Retail

J.C. Penney liquidation 'not in the cards,' as retailer moves toward a sale this fall

Key Points
  • For bankrupted J.C. Penney, a liquidation is "not in the cards," according to the department store chain's attorney. 
  • Penney is moving forward with a sale that should be completed by this fall, attorney Joshua Sussberg of Kirkland & Ellis said during a court hearing Wednesday afternoon. 
  • He said there are three bidders being considered to keep the company in business. 
A J.C. Penney store in Laguna Hills, California
Scott Mlyn | CNBC

For bankrupted J.C. Penney, a liquidation is "not in the cards," according to the department store chain's attorney. 

Penney is moving forward with a sale that should be completed by this fall, attorney Joshua Sussberg of Kirkland & Ellis said during a court hearing Wednesday afternoon. 

"I want to say, unequivocally, we have had not one discussion about a liquidation," Sussberg said about Penney's restructuring process. "It's simply not in the cards." 

Sussberg called attention to a report earlier in the week from the New York Post that said the private-equity firm Sycamore was planning to make a $1.75 billion bid to buy the 118-year-old department store chain and merge it with rival Belk. 

He called the story "ill-informed" and said, regarding Sycamore's plans to merge Penney with Belk, "that is completely untrue." 

There are three separate bids being considered for Penney's real estate and other assets, which would keep the retailer operating its own stores, Sussberg said. 

The bidders include Sycamore, a duo of U.S. mall owners Simon Property Group and Brookfield Property Partners, and Saks Fifth Avenue owner Hudson's Bay Co., according to a person familiar with these discussions. The person requested anonymity because the proposals remain confidential.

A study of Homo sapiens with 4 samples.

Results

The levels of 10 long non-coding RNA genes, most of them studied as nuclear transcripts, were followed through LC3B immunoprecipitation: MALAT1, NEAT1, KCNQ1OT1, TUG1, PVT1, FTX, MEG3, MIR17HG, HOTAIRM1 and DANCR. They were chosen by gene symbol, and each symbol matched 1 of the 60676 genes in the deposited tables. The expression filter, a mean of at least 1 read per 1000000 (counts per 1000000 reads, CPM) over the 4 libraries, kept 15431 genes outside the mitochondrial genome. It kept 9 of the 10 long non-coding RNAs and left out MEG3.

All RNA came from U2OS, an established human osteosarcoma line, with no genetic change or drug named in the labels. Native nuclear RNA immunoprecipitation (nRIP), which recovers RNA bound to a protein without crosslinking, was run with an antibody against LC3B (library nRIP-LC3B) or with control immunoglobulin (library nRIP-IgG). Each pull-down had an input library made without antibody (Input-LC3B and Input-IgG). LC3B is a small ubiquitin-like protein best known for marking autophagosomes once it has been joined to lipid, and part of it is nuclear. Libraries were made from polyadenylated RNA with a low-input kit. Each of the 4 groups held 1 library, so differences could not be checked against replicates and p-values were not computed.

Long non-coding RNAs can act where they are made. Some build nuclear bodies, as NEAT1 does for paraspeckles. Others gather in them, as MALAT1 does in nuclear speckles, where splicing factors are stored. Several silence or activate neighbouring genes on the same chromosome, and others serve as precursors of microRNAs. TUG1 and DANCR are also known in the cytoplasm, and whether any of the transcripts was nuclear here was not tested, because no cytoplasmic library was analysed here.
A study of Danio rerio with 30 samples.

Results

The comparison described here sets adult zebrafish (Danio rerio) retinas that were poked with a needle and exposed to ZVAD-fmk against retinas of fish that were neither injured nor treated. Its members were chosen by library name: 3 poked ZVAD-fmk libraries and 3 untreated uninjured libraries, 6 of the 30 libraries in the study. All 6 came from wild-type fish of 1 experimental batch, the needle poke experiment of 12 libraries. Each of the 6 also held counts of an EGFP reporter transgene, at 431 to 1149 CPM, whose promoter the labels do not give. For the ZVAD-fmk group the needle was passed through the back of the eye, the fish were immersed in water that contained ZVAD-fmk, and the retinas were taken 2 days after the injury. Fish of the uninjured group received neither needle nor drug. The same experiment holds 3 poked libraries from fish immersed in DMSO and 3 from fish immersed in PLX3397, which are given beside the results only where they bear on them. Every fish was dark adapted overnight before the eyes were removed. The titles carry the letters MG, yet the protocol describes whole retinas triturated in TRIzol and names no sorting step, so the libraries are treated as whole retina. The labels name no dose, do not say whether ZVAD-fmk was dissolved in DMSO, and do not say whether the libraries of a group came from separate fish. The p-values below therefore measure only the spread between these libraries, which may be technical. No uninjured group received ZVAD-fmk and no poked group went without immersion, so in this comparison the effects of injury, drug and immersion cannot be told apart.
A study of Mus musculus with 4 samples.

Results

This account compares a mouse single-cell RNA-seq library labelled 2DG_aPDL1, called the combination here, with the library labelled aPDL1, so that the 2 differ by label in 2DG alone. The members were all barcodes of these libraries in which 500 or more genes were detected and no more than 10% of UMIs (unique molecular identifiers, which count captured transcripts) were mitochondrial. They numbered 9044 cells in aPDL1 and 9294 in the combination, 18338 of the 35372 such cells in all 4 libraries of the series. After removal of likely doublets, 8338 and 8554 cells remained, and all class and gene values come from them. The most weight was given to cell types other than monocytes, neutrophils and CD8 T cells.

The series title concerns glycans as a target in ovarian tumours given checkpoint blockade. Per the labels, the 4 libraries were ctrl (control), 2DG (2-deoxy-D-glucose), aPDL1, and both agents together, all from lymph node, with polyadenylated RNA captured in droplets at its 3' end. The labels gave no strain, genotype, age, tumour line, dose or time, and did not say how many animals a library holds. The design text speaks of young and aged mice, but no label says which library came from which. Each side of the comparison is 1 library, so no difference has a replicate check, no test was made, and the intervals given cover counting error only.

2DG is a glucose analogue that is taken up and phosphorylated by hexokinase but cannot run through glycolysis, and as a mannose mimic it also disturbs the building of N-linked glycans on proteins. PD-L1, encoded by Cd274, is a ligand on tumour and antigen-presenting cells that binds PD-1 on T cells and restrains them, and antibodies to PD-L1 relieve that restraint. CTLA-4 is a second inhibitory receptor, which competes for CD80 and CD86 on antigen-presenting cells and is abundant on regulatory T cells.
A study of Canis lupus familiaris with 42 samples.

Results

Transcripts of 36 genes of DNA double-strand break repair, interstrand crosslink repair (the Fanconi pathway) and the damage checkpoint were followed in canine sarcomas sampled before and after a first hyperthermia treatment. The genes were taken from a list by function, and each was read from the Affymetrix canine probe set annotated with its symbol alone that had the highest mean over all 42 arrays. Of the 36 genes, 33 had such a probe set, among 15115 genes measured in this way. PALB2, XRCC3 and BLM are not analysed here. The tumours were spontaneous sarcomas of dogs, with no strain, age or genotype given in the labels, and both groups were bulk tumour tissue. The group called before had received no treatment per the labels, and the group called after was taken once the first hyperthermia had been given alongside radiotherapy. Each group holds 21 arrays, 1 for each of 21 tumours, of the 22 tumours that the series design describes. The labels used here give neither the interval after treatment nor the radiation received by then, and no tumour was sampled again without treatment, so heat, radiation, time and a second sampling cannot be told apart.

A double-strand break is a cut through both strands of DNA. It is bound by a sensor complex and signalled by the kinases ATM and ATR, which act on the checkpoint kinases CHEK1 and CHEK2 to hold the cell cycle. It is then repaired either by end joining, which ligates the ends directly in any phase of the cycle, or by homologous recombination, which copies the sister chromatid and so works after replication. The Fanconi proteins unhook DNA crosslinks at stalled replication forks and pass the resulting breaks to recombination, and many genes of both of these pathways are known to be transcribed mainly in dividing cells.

Sycamore declined to comment. Representatives from Simon, Brookfield and Hudson's Bay did not immediately respond to CNBC's requests for comment. 

Kirkland's Sussberg said during Wednesday's hearing that a top bidder had yet to be chosen. 

Penney filed for Chapter 11 bankruptcy protection on May 15, weighed down by debt and battered by the coronavirus pandemic. 

Earlier this month, the company announced it would be laying off roughly 1,000 employees, as it moved forward with shutting about 150 locations across the U.S. When the retailer filed, it was still operating about 860 stores. 

Penney said Wednesday that all stores have since reopened, after being temporarily shut due to the Covid-19 crisis. 

It said its off-mall locations, of which it has 173, continue to perform better than its stores in enclosed shopping malls, of which it has 520. Sales at off-mall stores are down about 26%, while sales at Penney stores in malls are down about 33% since they have opened, it said. 

The department store chain continues to talk to its landlords to negotiate better rents, according to Sussberg, which is allowing the company to cut costs. 

Forty retailers including Penney have filed for bankruptcy in 2020, according to a tracking by S&P Global Market Intelligence. The list is still expected to grow. 

A number were already struggling prior to the Covid-19 crisis slamming the U.S. economy, forcing shops deemed nonessential and malls to be boarded up. The pressures have only intensified since for an industry already undergoing seismic shifts in consumer behavior and preferred shopping destinations. Department stores' dominance in retail has been waning. 

According to Sussberg, Penney aims to have "mass consensus" regarding its go-forward strategy by next month.